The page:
Last month’s most terrifying financial news comes from a paper published by the National Bureau of Economic Research: Financially Fragile Households.
From the abstract: This paper examines households’ financial fragility by looking at their capacity to come up with $2,000 in 30 days. … Approximately one quarter of Americans report that they would certainly not be able to come up with such funds, and an additional 19% would do so by relying at least in part on pawning or selling possessions or taking payday loans.
The researchers also report that the ranks of the couldn’t-come-up-with-$2,000-in-one-month class includes many people with incomes that put them well above the poverty line, reflecting “either a substantially weaker financial position than one would expect, or a very high level of anxiety or pessimism. Both are important in terms of behavior and for public policy.”
But a question: How is the fact that people with high enough incomes to save $2,000 choose not to save $2,000 a matter of public policy?
The Wall Street Journal has details on how the results in the United States compare to other industrialized nations, and The Brookings Institution has posted the report in its entirety online for free as a PDF. The researchers note that “the level of financial fragility we identify suggests business opportunities for firms to provide better products for households.” [time-link title="(See the top ten things you didn't know about money)" url=http://www.time.com/time/specials/packages/article/0,28804,1914560_1914558_1914575,00.html]
But I’m not so sure that the problem is a lack of products available to help people who don’t have $2,000 in liquid savings. Rather, there is simply no way to have a reasonably secure, reasonably low-anxiety life without access to that cash because, let’s face it: There are an infinite number of relatively mundane emergencies that might require $2,000: car problems, kid problems, or plumbing problems on taco night.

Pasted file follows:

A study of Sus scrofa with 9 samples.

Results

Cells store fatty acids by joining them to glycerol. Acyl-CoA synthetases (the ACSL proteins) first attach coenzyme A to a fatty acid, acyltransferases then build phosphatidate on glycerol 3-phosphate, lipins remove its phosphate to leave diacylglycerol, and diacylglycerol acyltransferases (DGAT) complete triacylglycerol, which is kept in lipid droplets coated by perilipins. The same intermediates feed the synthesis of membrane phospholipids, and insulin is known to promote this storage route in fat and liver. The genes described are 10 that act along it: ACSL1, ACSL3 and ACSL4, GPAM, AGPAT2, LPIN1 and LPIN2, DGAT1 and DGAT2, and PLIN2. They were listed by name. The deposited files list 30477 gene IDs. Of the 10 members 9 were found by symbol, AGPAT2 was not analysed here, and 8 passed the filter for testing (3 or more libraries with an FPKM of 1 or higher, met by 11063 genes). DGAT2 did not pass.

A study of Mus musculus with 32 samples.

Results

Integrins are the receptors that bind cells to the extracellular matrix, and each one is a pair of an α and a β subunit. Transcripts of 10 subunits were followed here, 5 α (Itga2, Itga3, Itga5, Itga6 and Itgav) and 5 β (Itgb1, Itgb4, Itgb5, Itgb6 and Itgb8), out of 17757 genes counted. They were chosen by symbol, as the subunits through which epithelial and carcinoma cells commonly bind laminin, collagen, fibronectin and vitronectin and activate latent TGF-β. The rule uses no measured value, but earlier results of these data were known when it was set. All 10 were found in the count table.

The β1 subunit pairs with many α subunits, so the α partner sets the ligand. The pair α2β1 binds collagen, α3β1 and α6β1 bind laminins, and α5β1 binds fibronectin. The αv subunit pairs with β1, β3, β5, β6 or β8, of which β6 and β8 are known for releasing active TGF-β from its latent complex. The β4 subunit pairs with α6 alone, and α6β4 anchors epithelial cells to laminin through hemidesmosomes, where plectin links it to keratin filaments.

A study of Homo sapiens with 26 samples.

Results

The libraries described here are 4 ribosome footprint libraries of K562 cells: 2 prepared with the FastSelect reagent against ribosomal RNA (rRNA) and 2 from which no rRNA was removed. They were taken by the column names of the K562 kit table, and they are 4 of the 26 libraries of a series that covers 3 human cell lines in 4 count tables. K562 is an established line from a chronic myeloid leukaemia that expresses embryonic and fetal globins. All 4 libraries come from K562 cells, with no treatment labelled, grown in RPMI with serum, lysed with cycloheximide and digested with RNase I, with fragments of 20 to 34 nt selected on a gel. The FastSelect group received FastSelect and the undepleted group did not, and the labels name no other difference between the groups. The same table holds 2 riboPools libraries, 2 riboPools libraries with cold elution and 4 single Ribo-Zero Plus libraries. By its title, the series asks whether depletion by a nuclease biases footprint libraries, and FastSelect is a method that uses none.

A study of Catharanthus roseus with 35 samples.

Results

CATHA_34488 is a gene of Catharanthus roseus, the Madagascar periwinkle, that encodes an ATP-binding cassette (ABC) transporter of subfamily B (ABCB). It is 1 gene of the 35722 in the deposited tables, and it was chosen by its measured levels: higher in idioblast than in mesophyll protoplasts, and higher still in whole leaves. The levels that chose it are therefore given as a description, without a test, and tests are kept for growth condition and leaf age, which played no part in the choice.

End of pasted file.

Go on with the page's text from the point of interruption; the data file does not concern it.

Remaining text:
The importance of having a small emergency fund is why saving $1,000 is Baby Step #1 in Dave Ramsey’s Total Money Makeover. “An emergency fund is for those unexpected events in life that you can’t plan for,” he writes. “It’s not a matter of if these events will happen; it’s simply a matter of when they will happen. This beginning emergency fund will keep life’s little Murphies from turning into new debt while you work off the old debt. If a real emergency happens, you can handle it with your emergency fund. No more borrowing. It’s time to break the cycle of debt!”
Much of the blog chatter on this study has focused on the macroeconomic causes. As one commenter whined, “[It’s] hard to be competent at methodical saving when there is nothing to save.”
Here’s the thing: I’d like to see a Venn diagram that shows the percentage of Americans who don’t have a $2,000 emergency fund alongside the percentage of Americans who also own a Snuggie or a Royal Wedding collector plate. We don’t need innovative financial products to help consumers deal with the consequences of not having two nickels to rub together in case of an emergency. For large, long-term emergencies, we need a safety net. That’s why we have unemployment. Call me an anarchist, but if you need some sort of outside help when your transmission breaks, that’s the problem and the transmission is the symptom. [time-link title="(See what to do when your adult kids are terrible with money)" url=http://www.time.com/time/specials/packages/article/0,28804,2069211_2069210_2069189,00.html]
The bottom line is this: If you don’t have a $2,000 emergency fund, your life is going to be miserable because every single financial contretemps is going to make you scared instead of just annoyed. A $2,000 emergency fund is $1 a day for less than three years. If you’ve been working at some kind of job for three years and haven’t been able to scrape together a dollar a day, go over your budget with a fine-tooth comb. It’s just not that much money. Find a way to do it. Your blood pressure will thank you.